Having just returned from a vacation at a resort hotel in the Caribbean, I found this WSJ article about exclusive resorts within resorts pertinent. The resort at which I stayed felt carceral to say the least—it was retrofitted into the site of an old fortress, and portions of it were literally cordoned off with barbed wire. Yet at the same time, an atmosphere of openness was built into the infrastructure of the place, with all the restaurants and bars and hotel services being outdoors. Just enough relaxed openness was suggested by this setup to allow the more imaginative tourists to pretend that they weren’t in a fortress and were instead integrated in some way with real island culture. The ability to relax at the resort seemed akin to the ability to enjoy TV shows with laugh tracks, or incoherent special-effects laden movies: It seems as though you have to be willing to do a lot of pretending and suspend a lot of disbelief to overlook the fact that the staff regards you with a mixture of contempt, suspicion and condescension, overlook the tension generated by income disparities between tourists and locals, the essentially predatory nature of tourist enterprises. Of course you can skirt a lot of that by eschewing the amenities of resorts, but then you are forced to concentrate on how to actually do everyday things in a foreign environment, which is probably the opposite of relaxing for many vacationers. The things you take for granted (buying gas, reading a menu, etc.) become complicated, and embarrassment lurks around every corner.
Resorts protect you from all that complication of the reality of foreignness, but at the expense of jailing you in a plush prison. But they go beyond merely insulating us from the challenges of learning how to function in new environments and having to make too many decisions, beyond permitting us to take a vacation from thinking (“A Supposedly Fun Thing I’ll Never Do Again,” David Foster Wallace’s account of taking a cruise, explicates these points pretty well). By foregrounding the helplessness of the tourist while confronting him at every turn with semi-sarcastic solicitude, resorts actually heighten all the tensions and pretenses, the disparities between tourists and servants, rather than dissipate them; perhaps it’s because these tensions are actually what many vacationers want to consume, class resentment as a testimony that you’ve arrived, that you’ve reached a place where you can have the power to boss people around and be fussed over. The elaborate gate-keeping procedures at resorts are a part of this; if resorts are like prisons, it’s because we want to consume the feeling of being guarded—we want to taste the power of exclusion (which epitomizes class conflict generally) in one of its most concrete forms.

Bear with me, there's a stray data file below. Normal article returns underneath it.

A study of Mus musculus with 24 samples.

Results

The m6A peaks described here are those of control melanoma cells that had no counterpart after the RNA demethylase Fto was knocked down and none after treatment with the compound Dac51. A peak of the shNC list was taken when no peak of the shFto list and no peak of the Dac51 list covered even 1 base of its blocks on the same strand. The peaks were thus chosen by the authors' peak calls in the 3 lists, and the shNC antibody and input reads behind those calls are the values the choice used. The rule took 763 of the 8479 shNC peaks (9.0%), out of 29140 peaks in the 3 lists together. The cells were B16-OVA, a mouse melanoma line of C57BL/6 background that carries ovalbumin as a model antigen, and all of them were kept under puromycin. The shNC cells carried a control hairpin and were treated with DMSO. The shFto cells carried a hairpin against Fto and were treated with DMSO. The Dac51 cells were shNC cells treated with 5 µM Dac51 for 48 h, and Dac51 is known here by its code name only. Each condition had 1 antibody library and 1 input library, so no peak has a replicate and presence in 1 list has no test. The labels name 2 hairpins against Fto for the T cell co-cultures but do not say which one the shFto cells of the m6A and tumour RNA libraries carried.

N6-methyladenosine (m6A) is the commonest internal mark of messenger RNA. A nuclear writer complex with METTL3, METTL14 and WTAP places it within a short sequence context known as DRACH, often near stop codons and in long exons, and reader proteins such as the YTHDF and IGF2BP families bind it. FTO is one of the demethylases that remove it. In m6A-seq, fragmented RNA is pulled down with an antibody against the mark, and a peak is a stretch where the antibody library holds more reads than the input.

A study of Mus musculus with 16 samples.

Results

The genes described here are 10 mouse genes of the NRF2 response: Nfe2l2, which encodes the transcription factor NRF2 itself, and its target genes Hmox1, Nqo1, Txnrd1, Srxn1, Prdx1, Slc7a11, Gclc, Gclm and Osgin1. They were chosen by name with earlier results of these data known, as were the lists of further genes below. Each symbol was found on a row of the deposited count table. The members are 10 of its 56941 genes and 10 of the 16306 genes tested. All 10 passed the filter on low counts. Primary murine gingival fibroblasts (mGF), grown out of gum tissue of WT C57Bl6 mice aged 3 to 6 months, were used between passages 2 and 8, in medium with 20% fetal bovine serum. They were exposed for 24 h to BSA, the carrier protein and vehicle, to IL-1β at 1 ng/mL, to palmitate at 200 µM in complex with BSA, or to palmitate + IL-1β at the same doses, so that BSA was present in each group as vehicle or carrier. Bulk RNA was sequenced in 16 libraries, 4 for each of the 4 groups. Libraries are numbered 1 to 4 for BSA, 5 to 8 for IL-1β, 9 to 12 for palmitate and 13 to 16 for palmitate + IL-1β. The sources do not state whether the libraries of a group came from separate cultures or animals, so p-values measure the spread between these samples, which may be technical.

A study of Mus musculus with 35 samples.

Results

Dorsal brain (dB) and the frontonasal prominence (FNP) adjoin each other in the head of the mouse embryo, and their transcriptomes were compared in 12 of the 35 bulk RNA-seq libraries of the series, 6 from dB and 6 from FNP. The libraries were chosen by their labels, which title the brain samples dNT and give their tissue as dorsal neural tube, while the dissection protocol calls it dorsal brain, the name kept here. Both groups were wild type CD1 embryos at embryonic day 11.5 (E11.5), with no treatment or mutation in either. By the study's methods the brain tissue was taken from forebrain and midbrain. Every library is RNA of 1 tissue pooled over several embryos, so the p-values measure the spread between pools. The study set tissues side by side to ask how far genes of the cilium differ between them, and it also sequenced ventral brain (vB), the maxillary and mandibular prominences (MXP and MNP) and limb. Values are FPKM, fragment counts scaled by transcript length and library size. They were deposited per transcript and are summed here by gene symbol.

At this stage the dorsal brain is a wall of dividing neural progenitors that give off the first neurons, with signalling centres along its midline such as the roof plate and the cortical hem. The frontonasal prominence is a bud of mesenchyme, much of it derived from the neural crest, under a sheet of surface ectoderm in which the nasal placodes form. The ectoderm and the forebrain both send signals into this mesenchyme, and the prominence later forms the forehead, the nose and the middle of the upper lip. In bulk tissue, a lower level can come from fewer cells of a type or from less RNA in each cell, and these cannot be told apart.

But when regular shmoes like me can be at a resort, the resort has clearly lost some of its exclusive appeal: Hence the ultraprivate resort within the resort the WSJ article notes:
Now some resorts are rolling out fancier service tiers that come with benefits blatantly visible to other guests, from private pools and beach areas in the middle of the grounds to guaranteed spots at crowded restaurants. Elite guests—who pay an additional $40 to $900 or more per night—also get nicer rooms and full access to the main resort. To distinguish them from the regular guests, many of whom are paying hefty rates of $400 to $1,000 a night, they sometimes get special bracelets or towels.
The writing here seems a bit slanted toward maximum populist outrage, but nevertheless it makes clear that consuming exclusivity is less a matter of achieving privacy (as is the case in some of the upgrades discussed) and more a matter of showing those beneath you what your money can buy, gloating in the VIP pool with your special wristband. If you pursue these special services, you actually want less privacy; you want more people to see you in all your luxuriousness. The desire to be seen enjoying privileges is an extension of the reality-TV mind-set, where having an audience is an essential ingredient for validation. But other resort guests don’t want to be an audience; they want to consider themselves the stars too—hence, the article’s focus on the aggrieved hotel patrons discovering they are second class citizens.
The idea that others might be more important can spark a little vacation insecurity. During her weeklong visit to the 49-room Anse Chastanet Resort on St. Lucia last fall, at $475 a night, Rosaria Davies could see the five-month-old Jade Mountain extension every time she went for a swim on the beach. Guests there get their own restaurant, spa and pools, plus access to the main resort; nightly rates this season start at $1,150. “It looked great from afar,” says the 37-year-old from London. When she and her husband had to wait an hour between the appetizers and main course at dinner one night, they wondered if Jade Mountain guests were being served more quickly. During the trip, the couple joked, “Are we chopped liver?” The hotel says it treats all of its guests equally.
Since everyone can’t feel as though they are the only guest, treating everyone equally is the next-best thing—a compensatory egalitarianism that nullify’s our awareness of others—being as we often only notice strangers through invidious comparison. But resorts are tempted by the allure of discriminatory pricing, reintroducing an aspect of the world (relentless status competition) many of us specifically go on vacation to escape.